I know I'm supposed to be celebrating Earth Day and all the good vibes, but I'm sitting this one out.
Not that I'm against the spirit of the event. I'm all for saving the environment. I take quick showers, I recycle, and I drive a small energy-efficient automobile. But after the feel-good speeches finish and the politicians move on to their next smiling photo-ops, maybe we can get real for a moment.
Fact is that things are bad and getting worse. Some of the best brains are working hard at finding a tech solution to contain fossil fuel pollution. But it's taking time. Time, unfortunately, is not in our favor.
China and India pay lip service to green concerns, but they're intent on repeating all of our stupid mistakes as they pell-mell go about industrializing in the least green-friendly ways. I can't point fingers abroad because here at home, we're going about things in exactly the wrong way. Let's cut through the bull: The fix is in and a supine Congress is in the pockets of the agri-business lobby.
When they write the history of these times, there'll be several culprits. The worst of the bunch is our false fixation on corn ethanol as a "solution." What a scam. This is going to go down as one of the biggest tech boondoggles of our times. Congress has mandated the production of 36 billion gallons of ethanol by the year 2022, and we've footed the bill for more than $50 billion in corn subsidies in the last decade. Give the lobbyists credit for knowing how to push the right buttons. Ethanol isn't going to make gasoline cheap, and it sure as hell isn't going to help the environment.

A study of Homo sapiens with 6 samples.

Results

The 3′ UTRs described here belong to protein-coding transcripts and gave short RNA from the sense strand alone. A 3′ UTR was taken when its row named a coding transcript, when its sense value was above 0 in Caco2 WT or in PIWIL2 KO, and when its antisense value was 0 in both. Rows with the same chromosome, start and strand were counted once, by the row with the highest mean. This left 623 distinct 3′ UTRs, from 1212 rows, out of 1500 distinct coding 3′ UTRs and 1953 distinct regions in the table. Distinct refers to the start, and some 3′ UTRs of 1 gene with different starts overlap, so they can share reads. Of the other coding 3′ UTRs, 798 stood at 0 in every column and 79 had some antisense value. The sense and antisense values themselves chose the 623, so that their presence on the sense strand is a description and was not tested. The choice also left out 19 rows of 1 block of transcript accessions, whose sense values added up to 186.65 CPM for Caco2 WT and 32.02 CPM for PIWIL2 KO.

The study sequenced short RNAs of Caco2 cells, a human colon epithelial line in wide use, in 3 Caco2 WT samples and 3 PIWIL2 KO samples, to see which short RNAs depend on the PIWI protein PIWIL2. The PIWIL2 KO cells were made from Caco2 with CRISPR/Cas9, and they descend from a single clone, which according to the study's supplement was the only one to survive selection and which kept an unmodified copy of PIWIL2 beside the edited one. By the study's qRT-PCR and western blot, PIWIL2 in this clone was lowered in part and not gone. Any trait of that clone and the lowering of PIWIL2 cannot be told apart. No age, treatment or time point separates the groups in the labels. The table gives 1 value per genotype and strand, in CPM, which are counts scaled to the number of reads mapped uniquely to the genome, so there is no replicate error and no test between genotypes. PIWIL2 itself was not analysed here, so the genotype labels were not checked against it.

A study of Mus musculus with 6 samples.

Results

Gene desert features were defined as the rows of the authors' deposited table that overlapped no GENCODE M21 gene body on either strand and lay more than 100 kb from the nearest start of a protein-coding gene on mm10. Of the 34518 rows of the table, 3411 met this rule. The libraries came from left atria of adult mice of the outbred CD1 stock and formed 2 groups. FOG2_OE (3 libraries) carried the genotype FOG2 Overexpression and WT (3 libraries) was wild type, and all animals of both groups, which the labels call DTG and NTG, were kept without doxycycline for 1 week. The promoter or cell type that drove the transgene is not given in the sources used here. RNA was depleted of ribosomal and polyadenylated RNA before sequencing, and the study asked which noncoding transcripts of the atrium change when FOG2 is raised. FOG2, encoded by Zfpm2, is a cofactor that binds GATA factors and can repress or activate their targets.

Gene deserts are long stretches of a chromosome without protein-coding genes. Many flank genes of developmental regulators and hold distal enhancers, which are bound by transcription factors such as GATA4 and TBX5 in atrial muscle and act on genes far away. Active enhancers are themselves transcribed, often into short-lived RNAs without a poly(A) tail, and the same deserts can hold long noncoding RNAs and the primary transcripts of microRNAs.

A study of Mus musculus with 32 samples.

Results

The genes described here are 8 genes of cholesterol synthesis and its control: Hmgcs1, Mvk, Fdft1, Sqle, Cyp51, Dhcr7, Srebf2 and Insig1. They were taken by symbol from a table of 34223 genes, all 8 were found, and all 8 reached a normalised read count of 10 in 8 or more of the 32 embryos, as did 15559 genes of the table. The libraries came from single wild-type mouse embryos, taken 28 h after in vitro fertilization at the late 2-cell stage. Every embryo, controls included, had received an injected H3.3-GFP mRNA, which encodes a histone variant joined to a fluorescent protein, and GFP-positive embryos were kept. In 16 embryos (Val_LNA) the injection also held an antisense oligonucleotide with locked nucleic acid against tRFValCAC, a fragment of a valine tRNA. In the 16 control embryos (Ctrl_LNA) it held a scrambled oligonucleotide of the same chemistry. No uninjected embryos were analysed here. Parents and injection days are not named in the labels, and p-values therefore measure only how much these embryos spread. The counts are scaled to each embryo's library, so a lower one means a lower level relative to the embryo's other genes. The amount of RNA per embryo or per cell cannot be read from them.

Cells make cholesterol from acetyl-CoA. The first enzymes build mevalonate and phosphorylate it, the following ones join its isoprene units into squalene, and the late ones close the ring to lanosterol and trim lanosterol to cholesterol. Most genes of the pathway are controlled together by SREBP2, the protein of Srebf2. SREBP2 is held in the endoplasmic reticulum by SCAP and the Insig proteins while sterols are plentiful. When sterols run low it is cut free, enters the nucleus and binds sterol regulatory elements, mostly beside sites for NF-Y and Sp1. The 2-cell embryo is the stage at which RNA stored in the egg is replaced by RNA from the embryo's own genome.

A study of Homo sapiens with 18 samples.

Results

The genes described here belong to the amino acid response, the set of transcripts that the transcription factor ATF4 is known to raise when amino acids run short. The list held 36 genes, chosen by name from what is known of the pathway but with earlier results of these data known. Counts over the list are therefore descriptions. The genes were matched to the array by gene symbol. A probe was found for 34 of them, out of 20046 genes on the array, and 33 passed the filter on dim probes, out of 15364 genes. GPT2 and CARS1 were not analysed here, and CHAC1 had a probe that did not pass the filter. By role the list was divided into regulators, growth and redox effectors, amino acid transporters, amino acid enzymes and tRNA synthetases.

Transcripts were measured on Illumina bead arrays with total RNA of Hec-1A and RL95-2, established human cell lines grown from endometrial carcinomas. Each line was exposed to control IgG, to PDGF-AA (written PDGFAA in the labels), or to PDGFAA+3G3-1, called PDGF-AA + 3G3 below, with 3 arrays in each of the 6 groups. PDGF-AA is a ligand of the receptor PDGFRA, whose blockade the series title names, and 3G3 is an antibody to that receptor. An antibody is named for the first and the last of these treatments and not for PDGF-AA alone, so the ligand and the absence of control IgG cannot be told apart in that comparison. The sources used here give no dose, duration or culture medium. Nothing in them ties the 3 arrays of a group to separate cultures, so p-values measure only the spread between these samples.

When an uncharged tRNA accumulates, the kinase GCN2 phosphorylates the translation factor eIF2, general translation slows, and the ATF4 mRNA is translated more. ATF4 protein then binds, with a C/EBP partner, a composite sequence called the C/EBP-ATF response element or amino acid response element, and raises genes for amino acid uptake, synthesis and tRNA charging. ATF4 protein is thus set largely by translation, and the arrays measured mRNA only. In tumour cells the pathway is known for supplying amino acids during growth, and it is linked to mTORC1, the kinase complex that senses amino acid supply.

We're feeling the more immediate pinch in the form of climbing food prices. It's been that way for at least six months, and there's no reason to believe the trend is going to reverse anytime soon. (Check out this recent report from the World Bank which details how increased biofuel production has contributed to the rise in food prices.) If food riots continue to break out around the globe, maybe our political class will start to focus more sharply.
World Bank President Robert Zoellick recently labeled the rising demand for biofuels a "significant contributor" to increasing grain prices. He added that 33 countries now are at risk of social upheaval because of the crisis. (For a deeper dive, read this recent piece by The Economist on "The new face of hunger."
There's no hope the current administration will rethink its support for corn-based ethanol. Yet, hope springs eternal and maybe a future McCain-, Clinton-, or Obama-led government will call this scam for what it is. Until then, Earth Day will remain a phony feel-good exercise for the saps.